Social Evolution, Corporate Culture, and Exploitation
AbstractIt has been claimed that the market fosters selfishness and thereby undermines the moral basis of society. This thesis has been developed with an emphasis on market exchange. Everyday life is, however, predominantly shaped by interactions in the workplace rather than by shopping behaviour. This essay places emphasis on firm organisation, rather than market interaction, in moulding cultural traits. The argument starts with the observation that workers may perceive the employment relationship in two different ways, with different behavioural consequences. The first is the conventional incentive view. The other is the social exchange view. Implementing the social exchange perspective may be profitable for firms which organize complex tasks. This requires an appropriate corporate culture, governed by reciprocity, fairness and commitment. Such a culture can be viewed as a refined form of exploitation, however, as it involves creating an atmosphere of mutuality for profit. I shall argue against this thesis that the same attribution mechanisms which render corporate culture an effective management instrument shape the self-perception of management and engender true, rather than faked, social exchange. The market shapes firm organizations which foster mutualism rather than selfishness.
Download InfoIf you experience problems downloading a file, check if you have the proper application to view it first. In case of further problems read the IDEAS help page. Note that these files are not on the IDEAS site. Please be patient as the files may be large.
Bibliographic InfoPaper provided by Institute for the Study of Labor (IZA) in its series IZA Discussion Papers with number 651.
Length: 21 pages
Date of creation: Nov 2002
Date of revision:
Contact details of provider:
Postal: IZA, P.O. Box 7240, D-53072 Bonn, Germany
Phone: +49 228 3894 223
Fax: +49 228 3894 180
Web page: http://www.iza.org
Postal: IZA, Margard Ody, P.O. Box 7240, D-53072 Bonn, Germany
Other versions of this item:
- Ekkehart Schlicht, 2004. "Social Evolution, Corporate Culture, and Exploitation," Journal of Institutional and Theoretical Economics (JITE), Mohr Siebeck, Tübingen, vol. 160(2), pages 232-, June.
- A13 - General Economics and Teaching - - General Economics - - - Relation of Economics to Social Values
- A14 - General Economics and Teaching - - General Economics - - - Sociology of Economics
- B52 - Schools of Economic Thought and Methodology - - Current Heterodox Approaches - - - Institutional; Evolutionary
- D21 - Microeconomics - - Production and Organizations - - - Firm Behavior: Theory
- D23 - Microeconomics - - Production and Organizations - - - Organizational Behavior; Transaction Costs; Property Rights
- L14 - Industrial Organization - - Market Structure, Firm Strategy, and Market Performance - - - Transactional Relationships; Contracts and Reputation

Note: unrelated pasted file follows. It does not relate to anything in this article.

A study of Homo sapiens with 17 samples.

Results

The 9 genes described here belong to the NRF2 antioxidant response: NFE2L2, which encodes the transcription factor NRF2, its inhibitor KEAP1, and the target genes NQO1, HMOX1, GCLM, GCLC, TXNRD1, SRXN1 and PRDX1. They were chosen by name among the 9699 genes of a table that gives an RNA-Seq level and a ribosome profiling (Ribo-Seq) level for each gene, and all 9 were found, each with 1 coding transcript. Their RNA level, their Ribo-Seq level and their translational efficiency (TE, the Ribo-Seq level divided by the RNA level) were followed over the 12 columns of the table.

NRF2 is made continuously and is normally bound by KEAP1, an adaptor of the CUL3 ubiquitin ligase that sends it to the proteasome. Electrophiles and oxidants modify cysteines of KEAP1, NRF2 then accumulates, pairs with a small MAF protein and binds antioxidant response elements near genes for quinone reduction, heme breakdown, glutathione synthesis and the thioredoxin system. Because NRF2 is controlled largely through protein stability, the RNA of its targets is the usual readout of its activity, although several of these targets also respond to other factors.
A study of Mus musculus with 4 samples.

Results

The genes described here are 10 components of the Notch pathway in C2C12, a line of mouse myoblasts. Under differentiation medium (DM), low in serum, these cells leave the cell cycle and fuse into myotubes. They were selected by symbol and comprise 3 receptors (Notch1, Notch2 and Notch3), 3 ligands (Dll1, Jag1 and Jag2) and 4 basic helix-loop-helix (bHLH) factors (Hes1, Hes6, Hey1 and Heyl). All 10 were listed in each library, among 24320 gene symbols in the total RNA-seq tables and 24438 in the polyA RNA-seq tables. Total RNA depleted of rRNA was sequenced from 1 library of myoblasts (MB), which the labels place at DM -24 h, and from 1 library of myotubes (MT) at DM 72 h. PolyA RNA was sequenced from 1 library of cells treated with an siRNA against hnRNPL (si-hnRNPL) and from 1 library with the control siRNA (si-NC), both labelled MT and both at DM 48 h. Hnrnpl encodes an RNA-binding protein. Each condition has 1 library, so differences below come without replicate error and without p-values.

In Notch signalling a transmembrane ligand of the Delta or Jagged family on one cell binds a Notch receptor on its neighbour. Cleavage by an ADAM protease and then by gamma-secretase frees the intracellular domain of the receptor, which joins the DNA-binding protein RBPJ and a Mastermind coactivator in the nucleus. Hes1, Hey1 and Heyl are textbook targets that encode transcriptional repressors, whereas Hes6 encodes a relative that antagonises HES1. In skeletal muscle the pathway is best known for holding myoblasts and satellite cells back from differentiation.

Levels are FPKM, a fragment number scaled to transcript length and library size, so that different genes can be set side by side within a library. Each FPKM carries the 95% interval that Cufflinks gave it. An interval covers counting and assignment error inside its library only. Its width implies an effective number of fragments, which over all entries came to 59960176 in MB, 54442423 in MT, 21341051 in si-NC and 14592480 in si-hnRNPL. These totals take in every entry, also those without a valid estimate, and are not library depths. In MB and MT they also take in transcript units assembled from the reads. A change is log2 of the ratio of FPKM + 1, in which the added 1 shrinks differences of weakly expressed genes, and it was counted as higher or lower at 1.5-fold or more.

- L22 - Industrial Organization - - Firm Objectives, Organization, and Behavior - - - Firm Organization and Market Structure
This paper has been announced in the following NEP Reports:
- NEP-ALL-2003-01-12 (All new papers)
- NEP-HPE-2003-01-12 (History & Philosophy of Economics)
- NEP-PKE-2003-01-12 (Post Keynesian Economics)
Please report citation or reference errors to , or , if you are the registered author of the cited work, log in to your RePEc Author Service profile, click on "citations" and make appropriate adjustments.:
- Daron Acemoglu, 2000.
"Technical Change, Inequality, and the Labor Market,"
NBER Working Papers
7800, National Bureau of Economic Research, Inc.
- Daron Acemoglu, 2002. "Technical Change, Inequality, and the Labor Market," Journal of Economic Literature, American Economic Association, vol. 40(1), pages 7-72, March.
- George A. Akerlof & Rachel E. Kranton, 2000. "Economics And Identity," The Quarterly Journal of Economics, MIT Press, vol. 115(3), pages 715-753, August.
- Herbert Gintis & Samuel Bowles & Melissa Osborne, 2001.
"Incentive-Enhancing Preferences: Personality, Behavior, and Earnings,"
American Economic Review,
American Economic Association, vol. 91(2), pages 155-158, May.
- Samuel Bowles & Herbert Gintis & Melissa Osborne, 2001. "Incentive-Enhancing Preferences: Personality, Behavior and Earnings," Working Papers 01-01-004, Santa Fe Institute.
- Samuel Bowles, 1998. "Endogenous Preferences: The Cultural Consequences of Markets and Other Economic Institutions," Journal of Economic Literature, American Economic Association, vol. 36(1), pages 75-111, March.
- John Lewis, 2007.
"Hitting and Hoping? Meeting the Exchange Rate and Inflation Criteria during a Period of Nominal Convergence,"
CESifo Working Paper Series
1902, CESifo Group Munich.
- Lewis, John, 2009. "Hitting and hoping?: Meeting the exchange rate and inflation criteria during a period of nominal convergence," European Journal of Political Economy, Elsevier, vol. 25(4), pages 508-524, December.
- John Lewis, 2007. "Hitting and Hoping? Meeting the Exchange Rate and Inflation Criteria During a Period of Nominal Convergence," DNB Working Papers 130, Netherlands Central Bank, Research Department.
- Paul T. de Beer & Robert H.J. Mosch, 2007. "The waning and restoration of social norms: a formal model of the dynamics of norm compliance and norm violation," DNB Working Papers 131, Netherlands Central Bank, Research Department.
- Schlicht, Ekkehart, 2004. "Marshall on Custom and Competition," Discussion Papers in Economics 369, University of Munich, Department of Economics.
For technical questions regarding this item, or to correct its authors, title, abstract, bibliographic or download information, contact: (Mark Fallak).
If references are entirely missing, you can add them using this form.